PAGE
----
On April 22, 2015, the United States Supreme Court decided United States v. Wong, No. 13-1074, together with United States v. June, No. 13-1075, holding that the Federal Tort Claims Act’s time limits are not jurisdictional and may be tolled on equitable grounds.
The Federal Tort Claims Act (FTCA), 28 U.S.C. § 2401(b), provides that a tort claim against the United States “shall be forever barred” unless the claimant meets two deadlines. First, a claim must be presented to the “appropriate Federal Agency within two years after such claim accrues.” Second, the claimant must file “within six months” after the agency denies the claim. The claimants in both of the cases missed one of the deadlines, but argued that they were entitled to equitable tolling, under which a court may pause the running of a statutory limitations period when a party “has pursued his rights diligently but some extraordinary circumstance” prevents him from meeting a deadline.
The district courts in both cases dismissed the claims, holding that the FTCA deadlines were jurisdictional and were not subject to equitable tolling. The Ninth Circuit reversed in both cases, holding that the deadlines were not jurisdictional and were subject to equitable tolling.
The Supreme Court affirmed, holding that the FTCA time bars are not jurisdictional, and therefore are subject to equitable tolling. The Court began by observing that there is a presumption that statutory time bars are subject to equitable tolling, and that this presumption applies to claims against the government under statutes that waive sovereign immunity. But Congress may overcome that presumption by “clearly stating” that a time bar is jurisdictional. The Court stated that the government must clear a “high bar to establish that a statute of limitations is jurisdictional.”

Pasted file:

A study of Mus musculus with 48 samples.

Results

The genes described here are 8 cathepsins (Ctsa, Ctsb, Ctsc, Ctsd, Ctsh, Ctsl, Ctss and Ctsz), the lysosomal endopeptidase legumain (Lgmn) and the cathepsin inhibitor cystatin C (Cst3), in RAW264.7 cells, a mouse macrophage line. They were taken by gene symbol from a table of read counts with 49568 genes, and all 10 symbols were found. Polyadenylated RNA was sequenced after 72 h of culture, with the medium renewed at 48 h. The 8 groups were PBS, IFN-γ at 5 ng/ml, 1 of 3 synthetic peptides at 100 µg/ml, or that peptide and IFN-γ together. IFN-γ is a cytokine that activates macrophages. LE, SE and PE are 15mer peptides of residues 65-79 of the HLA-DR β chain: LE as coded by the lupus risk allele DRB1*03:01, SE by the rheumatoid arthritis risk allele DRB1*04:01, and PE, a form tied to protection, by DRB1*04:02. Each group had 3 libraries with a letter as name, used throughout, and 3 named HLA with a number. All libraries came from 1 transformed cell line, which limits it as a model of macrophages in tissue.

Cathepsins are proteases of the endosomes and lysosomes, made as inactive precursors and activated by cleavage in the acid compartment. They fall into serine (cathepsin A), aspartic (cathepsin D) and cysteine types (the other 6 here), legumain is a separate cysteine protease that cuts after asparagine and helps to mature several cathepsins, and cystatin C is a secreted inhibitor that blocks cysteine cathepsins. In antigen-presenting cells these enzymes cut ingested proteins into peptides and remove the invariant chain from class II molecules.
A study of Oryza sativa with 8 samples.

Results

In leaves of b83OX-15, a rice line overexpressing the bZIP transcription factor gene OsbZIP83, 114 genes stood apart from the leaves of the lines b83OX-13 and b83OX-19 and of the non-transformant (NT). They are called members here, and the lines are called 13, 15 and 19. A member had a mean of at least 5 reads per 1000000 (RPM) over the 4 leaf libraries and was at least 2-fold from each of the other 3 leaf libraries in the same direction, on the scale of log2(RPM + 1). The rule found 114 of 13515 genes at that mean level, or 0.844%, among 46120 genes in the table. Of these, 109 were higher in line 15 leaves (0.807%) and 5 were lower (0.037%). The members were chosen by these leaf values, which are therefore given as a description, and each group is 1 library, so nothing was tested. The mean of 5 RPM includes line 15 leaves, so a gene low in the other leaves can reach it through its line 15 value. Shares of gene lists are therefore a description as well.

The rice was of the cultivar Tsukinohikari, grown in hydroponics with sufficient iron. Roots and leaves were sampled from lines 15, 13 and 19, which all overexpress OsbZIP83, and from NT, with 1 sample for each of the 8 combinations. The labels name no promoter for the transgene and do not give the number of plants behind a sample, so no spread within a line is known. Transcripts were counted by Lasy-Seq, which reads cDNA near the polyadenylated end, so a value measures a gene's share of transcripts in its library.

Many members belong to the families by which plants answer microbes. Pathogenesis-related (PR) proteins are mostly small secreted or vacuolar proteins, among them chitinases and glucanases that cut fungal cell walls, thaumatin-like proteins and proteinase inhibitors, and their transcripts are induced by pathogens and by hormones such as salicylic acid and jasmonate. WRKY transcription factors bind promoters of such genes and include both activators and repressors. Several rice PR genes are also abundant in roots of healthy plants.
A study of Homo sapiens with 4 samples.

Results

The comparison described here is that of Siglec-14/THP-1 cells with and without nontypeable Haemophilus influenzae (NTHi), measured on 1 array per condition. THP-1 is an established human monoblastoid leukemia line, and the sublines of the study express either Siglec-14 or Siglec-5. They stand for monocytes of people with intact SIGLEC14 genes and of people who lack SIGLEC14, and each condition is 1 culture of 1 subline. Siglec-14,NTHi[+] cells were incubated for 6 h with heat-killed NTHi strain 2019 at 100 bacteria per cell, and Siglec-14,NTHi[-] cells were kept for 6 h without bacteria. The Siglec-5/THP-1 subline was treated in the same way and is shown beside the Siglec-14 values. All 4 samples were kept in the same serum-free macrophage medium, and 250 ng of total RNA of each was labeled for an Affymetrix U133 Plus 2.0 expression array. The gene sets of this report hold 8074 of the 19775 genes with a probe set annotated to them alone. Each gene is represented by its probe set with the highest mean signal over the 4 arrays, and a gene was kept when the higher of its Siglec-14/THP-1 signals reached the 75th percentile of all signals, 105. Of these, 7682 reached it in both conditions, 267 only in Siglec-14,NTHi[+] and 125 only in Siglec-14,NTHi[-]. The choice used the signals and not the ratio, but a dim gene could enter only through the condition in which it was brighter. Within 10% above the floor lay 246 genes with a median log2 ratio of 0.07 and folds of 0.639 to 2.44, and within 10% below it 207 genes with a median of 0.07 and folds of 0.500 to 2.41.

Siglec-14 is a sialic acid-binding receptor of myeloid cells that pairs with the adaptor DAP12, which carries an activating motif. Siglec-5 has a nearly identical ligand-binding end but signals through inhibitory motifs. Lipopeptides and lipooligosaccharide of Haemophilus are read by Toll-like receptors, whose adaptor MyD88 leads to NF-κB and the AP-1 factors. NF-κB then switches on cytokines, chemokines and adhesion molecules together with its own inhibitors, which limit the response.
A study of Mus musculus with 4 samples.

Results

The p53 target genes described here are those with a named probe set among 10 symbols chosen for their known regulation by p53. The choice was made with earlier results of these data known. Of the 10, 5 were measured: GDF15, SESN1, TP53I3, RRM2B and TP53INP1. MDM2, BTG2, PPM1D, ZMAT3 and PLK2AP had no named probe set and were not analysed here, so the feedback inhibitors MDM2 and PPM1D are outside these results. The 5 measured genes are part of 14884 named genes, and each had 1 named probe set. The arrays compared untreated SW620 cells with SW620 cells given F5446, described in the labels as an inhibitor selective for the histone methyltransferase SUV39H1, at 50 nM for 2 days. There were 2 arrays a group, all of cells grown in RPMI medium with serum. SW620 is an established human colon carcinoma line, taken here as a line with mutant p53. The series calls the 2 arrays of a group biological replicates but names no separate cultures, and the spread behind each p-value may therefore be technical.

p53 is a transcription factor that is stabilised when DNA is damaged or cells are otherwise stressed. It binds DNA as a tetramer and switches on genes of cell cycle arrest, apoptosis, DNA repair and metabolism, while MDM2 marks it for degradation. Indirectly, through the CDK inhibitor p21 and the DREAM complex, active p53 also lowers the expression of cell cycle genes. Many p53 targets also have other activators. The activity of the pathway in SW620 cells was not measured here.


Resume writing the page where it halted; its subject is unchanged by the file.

The Court held Congress provided no clear statement in the FTCA that the statute’s time limits are jurisdictional. The Court concluded that the text of the FTCA “speaks only to a claim’s timeliness, not to a court’s power” and “reads like an ordinary, run-of-the-mill statute of limitations.” The Court noted that Congress separated the filing deadlines from the jurisdictional grant in the statute, indicating that the time bar is not jurisdictional. The Court also held that that statutory provision that a claim “shall be forever barred” did not have jurisdictional significance because it was an ordinary way of setting a deadline. The Court added that “it makes no difference that a time bar conditions a waiver of sovereign immunity, even if Congress enacted the measure when different interpretive convictions applied,” because the Court already decided to treat time bars in suits against the government the same as in suits between private parties. Therefore, the Court held that the FTCA’s time bars are nonjurisdictional and subject to equitable tolling.
Justice Kagan delivered the opinion of the Court, in which Justices Kennedy, Ginsburg, Breyer, and Sotomayor joined. Justice Alito filed a dissenting opinion, in which Chief Justice Roberts, and Justices Scalia and Thomas joined.